Anti-Abortion Ordinance

Those for and against a proposed city abortion ban spoke to the Carthage City Commission on Monday, Dec. 9.

A proposed citywide ban on abortion was again subject of heated public comments at Monday’s Carthage City Commission meeting — but city officials so far have not placed the ordinance on an agenda for a vote.

Supporters have started gathering petition signatures to force a vote, with organizers Monday saying the proposed ordinance had wide support from the community.

“Carthage has the opportunity to stand up and say ‘We do not want or accept abortion,’” Amy Blackwell, with East Texas Right to Life, said. “It doesn’t mean that we’re shaming people. It’s saying that Carthage, here, that we do value life, and the most valuable of all, I believe — the most pure — are the unborn.”

The proposed ordinance, among other things, seeks to outlaw abortion in Carthage. It would make it illegal to procure or perform an abortion and to “aid or abet” an abortion, including providing transportation, giving instructions, providing money and coercing someone to have an abortion.

Any proposed abortion ban for the City of Carthage would not be enforceable unless the Supreme Court overturns its decision on Roe v. Wade, because that law, and the later Casey v. Planned Parenthood decision, makes it unconstitutional to totally ban abortion.

Supporters of the anti-abortion ordinance are also trying to get the law passed in Gary. The Gary City Council will vote on the issue at their Thursday meeting, set for 6 p.m. at Gary City Hall, 2607 FM 999 in Gary. Gary officials had previously scheduled a vote on the ordinance in December, but pushed it to their January meeting because they didn’t have a quorum of members present in December to vote on it.

Carthage commissioners on Monday listened to several public comments for and against the proposed ordinance, including former Assistant District Attorney Katie Nielsen — who said Roe v. Wade was argued on junk science — and Kamyon Conner, executive director of the Texas Equal Access abortion fund — who called it an extreme measure that would infringe on the right to abortion, as well as freedom of association and freedom of speech for those organizations who advocate for abortion access.

“No matter what your personal views on abortion are, we should all respect that the decision is each person’s to make with their family and in accordance to their faith,” Conner said. “It is not our place to judge someone who decides to not become a parent. Government officials should focus on expanding care and not limiting care. We know that this ordinance is meant to confuse and shame folks into thinking abortion is not legal or accessible, but rest assured we will be here to support the people of Carthage in accessing abortion if they so choose.”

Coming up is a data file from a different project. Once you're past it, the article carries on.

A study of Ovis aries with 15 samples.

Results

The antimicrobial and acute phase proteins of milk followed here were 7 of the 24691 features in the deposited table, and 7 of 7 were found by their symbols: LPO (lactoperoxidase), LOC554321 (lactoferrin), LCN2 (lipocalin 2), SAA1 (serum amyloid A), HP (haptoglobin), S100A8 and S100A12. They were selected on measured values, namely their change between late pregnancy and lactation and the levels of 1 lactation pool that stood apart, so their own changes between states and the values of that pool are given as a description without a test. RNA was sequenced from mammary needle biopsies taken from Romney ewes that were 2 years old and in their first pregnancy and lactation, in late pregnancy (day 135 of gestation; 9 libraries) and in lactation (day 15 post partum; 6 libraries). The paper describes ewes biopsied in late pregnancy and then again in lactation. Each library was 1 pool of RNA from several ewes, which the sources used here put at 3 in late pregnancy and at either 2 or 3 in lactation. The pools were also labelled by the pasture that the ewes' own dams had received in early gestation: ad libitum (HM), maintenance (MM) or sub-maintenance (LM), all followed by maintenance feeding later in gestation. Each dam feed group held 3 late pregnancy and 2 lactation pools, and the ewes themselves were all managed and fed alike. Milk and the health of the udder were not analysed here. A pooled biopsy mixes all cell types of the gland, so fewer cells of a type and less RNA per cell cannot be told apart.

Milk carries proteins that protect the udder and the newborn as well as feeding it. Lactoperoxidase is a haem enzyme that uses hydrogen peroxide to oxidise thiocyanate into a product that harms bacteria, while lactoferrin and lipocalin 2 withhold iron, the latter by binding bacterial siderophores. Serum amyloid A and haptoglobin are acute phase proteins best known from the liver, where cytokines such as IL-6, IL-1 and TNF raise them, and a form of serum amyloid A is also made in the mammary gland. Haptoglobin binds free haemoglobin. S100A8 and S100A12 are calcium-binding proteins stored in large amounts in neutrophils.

Nielsen called abortion a barbaric procedure. She also told commissioners she would be happy to break down the decision and show its legal faults at their next meeting.

“If Roe v. Wade were were in front of the Supreme Court today just going on the legalities of it and the science behind it, it couldn’t pass today,” she said. “It’s one of the worst-written opinions ever.”

Nicole Tarpley, the Panola County GOP Chair, encouraged commissioners to pass the ordinance, noting Panola County overall was a heavily-Republican area. Tarpley said she’s heard a lot of support for the ordinance in talking to residents.

“I ask that you stand up for life and respect the constituents that are Republican, the majority, in Carthage, Texas,” she said.

Jessica Hale, who spoke at the December meeting against the ordinance, returned Monday and reminded commissioners that banning abortion was unconstitutional. She noted the ACLU has already threatened legal action against cities who have adopted the ordinance.

“Is Carthage financially capable of taking on a national issue?” she said. “No matter the way we view it, abortion is normal and common. This ban does not stop abortions in any way, even more so because there’s no abortion center planning on settling in Carthage. All this ban will do is confuse individuals regarding their rights and their decisions they are allowed to make for their own financial future and physical and emotional well-being.”

Recommended For You



Carthage native Meredith Shamburger has worked for the Panola Watchman since 2018. Before that, she worked at sister papers in Longview and Marshall; the Dallas Morning News; and The Daily Voice, a hyperlocal news company in Westchester County, New York.